Wow, what a cool story, and one that I never knew anything about: in 1976, the owners of the American Basketball Association team the Spirits of St. Louis made a deal with the rest of the ABA to forego merging with the NBA, and instead, to collect one-seventh of the annual television revenues of the other ABA teams — forever. They’ve made over $100 million from the NBA to date; with the new NBA television contract, they stand to make that much again in just over four years. Stunning, and awesome. [found at MetaFilter]


That story’s pretty cool, but the deal isn’t as good as it appears. It’s not like they got the $100 million up front, it was strung out over 20 years. And, many of the early payments are much less than the later ones. Thus, we introduce the concept of present value.

If you took a pile of money and just invested it into the S&P 500 starting in 1980, you’d make an average return of 17.75%. If you discount back each of the payments to 1980 dollars (I did a quick and dirty back assumption that the payments specified in the article were divided equally over the time period.), it only makes the deal worth $8.83 million.

If you add in the future payments — let’s assume it’s 25 million from 2003-2006; 30 mil from 2007-2010; 35 from 2011-2014; and 40 from 2015-2018 — those extra $520 million only adds less than $4 million to the deal.

So, I see the deal worth about $13 million dollars. Now, this assumes the S&P 500 and the NBA are equally risky deals, and that future returns will mirror past, but I’d argue that in the late 1970s, the NBA was a far more risky gamble than the market. So, if anything, that reduces the price to below $13.

BTW, let’s assume he didn’t do the deal, but kept the team. Assuming the team broke even from 1980-2002 (i.e. no profits, but no losses either), then if the team has a value of $150 million in 2002, then it was worth $3.5 million when he made the deal. So, the $3 million buy out wasn’t totally crazy. In fact, if you assume only an additional 0.75% of risk, lets say from the fact that it’s much harder to sell NBA teams than shares of the S&P 500, the value works out to $3 exactly. (Well, 3.02.) Also, the deal’s value drops from 13 to 11.5 million.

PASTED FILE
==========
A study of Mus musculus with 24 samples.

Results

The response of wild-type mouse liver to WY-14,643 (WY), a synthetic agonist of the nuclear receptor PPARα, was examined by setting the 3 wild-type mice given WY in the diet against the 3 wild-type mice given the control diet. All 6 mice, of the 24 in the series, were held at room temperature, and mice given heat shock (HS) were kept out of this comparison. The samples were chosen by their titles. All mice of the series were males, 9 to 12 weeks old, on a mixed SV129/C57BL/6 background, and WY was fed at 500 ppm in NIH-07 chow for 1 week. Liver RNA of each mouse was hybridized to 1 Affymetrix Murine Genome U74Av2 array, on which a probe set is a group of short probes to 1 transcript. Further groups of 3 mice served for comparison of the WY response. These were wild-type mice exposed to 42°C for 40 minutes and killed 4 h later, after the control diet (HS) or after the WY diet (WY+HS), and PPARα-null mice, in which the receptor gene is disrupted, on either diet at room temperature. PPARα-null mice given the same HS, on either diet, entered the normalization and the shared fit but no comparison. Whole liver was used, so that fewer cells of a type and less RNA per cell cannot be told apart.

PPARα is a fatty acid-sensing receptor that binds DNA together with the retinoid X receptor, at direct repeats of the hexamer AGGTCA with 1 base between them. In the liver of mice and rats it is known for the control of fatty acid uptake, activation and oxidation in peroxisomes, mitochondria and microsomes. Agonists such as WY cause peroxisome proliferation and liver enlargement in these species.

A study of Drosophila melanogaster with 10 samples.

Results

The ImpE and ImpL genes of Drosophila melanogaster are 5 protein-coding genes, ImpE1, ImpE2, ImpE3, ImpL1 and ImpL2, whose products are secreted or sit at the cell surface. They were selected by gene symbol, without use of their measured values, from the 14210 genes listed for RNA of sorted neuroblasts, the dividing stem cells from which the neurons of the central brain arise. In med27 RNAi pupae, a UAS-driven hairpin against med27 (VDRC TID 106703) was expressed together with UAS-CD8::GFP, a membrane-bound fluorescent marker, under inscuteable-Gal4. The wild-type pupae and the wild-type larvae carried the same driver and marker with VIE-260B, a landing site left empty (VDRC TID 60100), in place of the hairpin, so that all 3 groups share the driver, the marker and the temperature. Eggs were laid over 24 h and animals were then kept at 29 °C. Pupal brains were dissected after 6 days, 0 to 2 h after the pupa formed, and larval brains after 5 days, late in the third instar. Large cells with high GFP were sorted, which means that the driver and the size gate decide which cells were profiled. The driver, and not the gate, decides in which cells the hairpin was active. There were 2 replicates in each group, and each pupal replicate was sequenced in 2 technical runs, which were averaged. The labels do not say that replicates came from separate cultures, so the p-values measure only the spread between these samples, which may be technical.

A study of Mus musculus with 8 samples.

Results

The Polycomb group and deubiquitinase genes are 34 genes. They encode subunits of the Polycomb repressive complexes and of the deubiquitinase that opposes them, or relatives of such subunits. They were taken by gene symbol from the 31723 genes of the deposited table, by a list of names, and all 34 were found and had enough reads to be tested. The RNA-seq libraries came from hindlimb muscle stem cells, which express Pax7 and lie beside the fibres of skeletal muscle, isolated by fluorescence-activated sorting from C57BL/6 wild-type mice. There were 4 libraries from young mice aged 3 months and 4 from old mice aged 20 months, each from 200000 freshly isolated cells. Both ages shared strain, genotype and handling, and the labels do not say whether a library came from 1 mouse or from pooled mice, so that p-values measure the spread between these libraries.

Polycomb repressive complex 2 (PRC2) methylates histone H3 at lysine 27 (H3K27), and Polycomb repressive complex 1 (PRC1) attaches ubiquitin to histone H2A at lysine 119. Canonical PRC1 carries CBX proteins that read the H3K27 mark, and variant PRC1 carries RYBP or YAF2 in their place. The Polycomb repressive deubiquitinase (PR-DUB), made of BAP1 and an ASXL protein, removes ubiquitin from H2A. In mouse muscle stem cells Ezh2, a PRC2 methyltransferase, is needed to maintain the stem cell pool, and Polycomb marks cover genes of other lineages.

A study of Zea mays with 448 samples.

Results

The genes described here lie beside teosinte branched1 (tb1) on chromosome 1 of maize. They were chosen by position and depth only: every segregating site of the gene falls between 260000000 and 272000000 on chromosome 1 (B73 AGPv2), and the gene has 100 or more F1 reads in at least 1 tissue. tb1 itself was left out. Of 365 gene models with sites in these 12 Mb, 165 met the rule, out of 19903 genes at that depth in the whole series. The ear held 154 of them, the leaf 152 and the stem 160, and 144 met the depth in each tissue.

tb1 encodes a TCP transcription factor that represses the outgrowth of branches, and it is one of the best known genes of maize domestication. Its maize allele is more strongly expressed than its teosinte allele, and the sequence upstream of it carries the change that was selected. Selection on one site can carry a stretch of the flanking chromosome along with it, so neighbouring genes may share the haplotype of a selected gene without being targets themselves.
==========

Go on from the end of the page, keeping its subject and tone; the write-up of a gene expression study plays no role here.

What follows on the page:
• Posted by: Adam Trachtenberg on Jan 25, 2002, 12:55 AM

From my perspective, though, the hindsight of the deal is that they have had a guaranteed income stream for the past 25 years for which they had to do nothing.

I agree that there’s no way, in 1976, that they could have known that to be true; in an alternate universe, the NBA could have folded (or the ABA teams could have flopped), and then what they did could have been known as one of the dumber business deals of all times.

To me, this is like buying Manhattan for a few bucks — at the time, it seemed pretty risky, and the downside given failure was not insubstantial, but in the end, it worked out pretty damn well.

• Posted by: Jason Levine on Jan 25, 2002, 9:29 AM

Well, the risker the deal, the higher the possible returns necessary to make it worth the chance.

But, from one point of view, this deal isn’t any different from buying some sort of financial instrument where you invest a bunch of money up front and it throws off payments at annual intervals. It just happens to be that instead of buying, for example, the coupon payments of a bond, they bought a share of the television royalities of the NBA.

It’s certainly way cool, but remember the other guy got $3 million from the sale of his team. If you took the $3 million in 1980 and immediately turned around and invested it in the market (say the S&P 500) and never touched it again until today, you’d have a lot of money (about $110 million) and still have done absolutely no work in the past 25 years either except for opening envelopes from your broker with your statements.

Maybe it’s just that everyone else in the NBA is just trying so hard to make money by building stadiums and drafting players…

• Posted by: Adam Trachtenberg on Jan 25, 2002, 11:18 AM
Please note that comments automatically close after 60 days; the comment spammers love to use the older, rarely-viewed pages to work their magic. If comments are closed and you want to let me know something, feel free to use the contact page!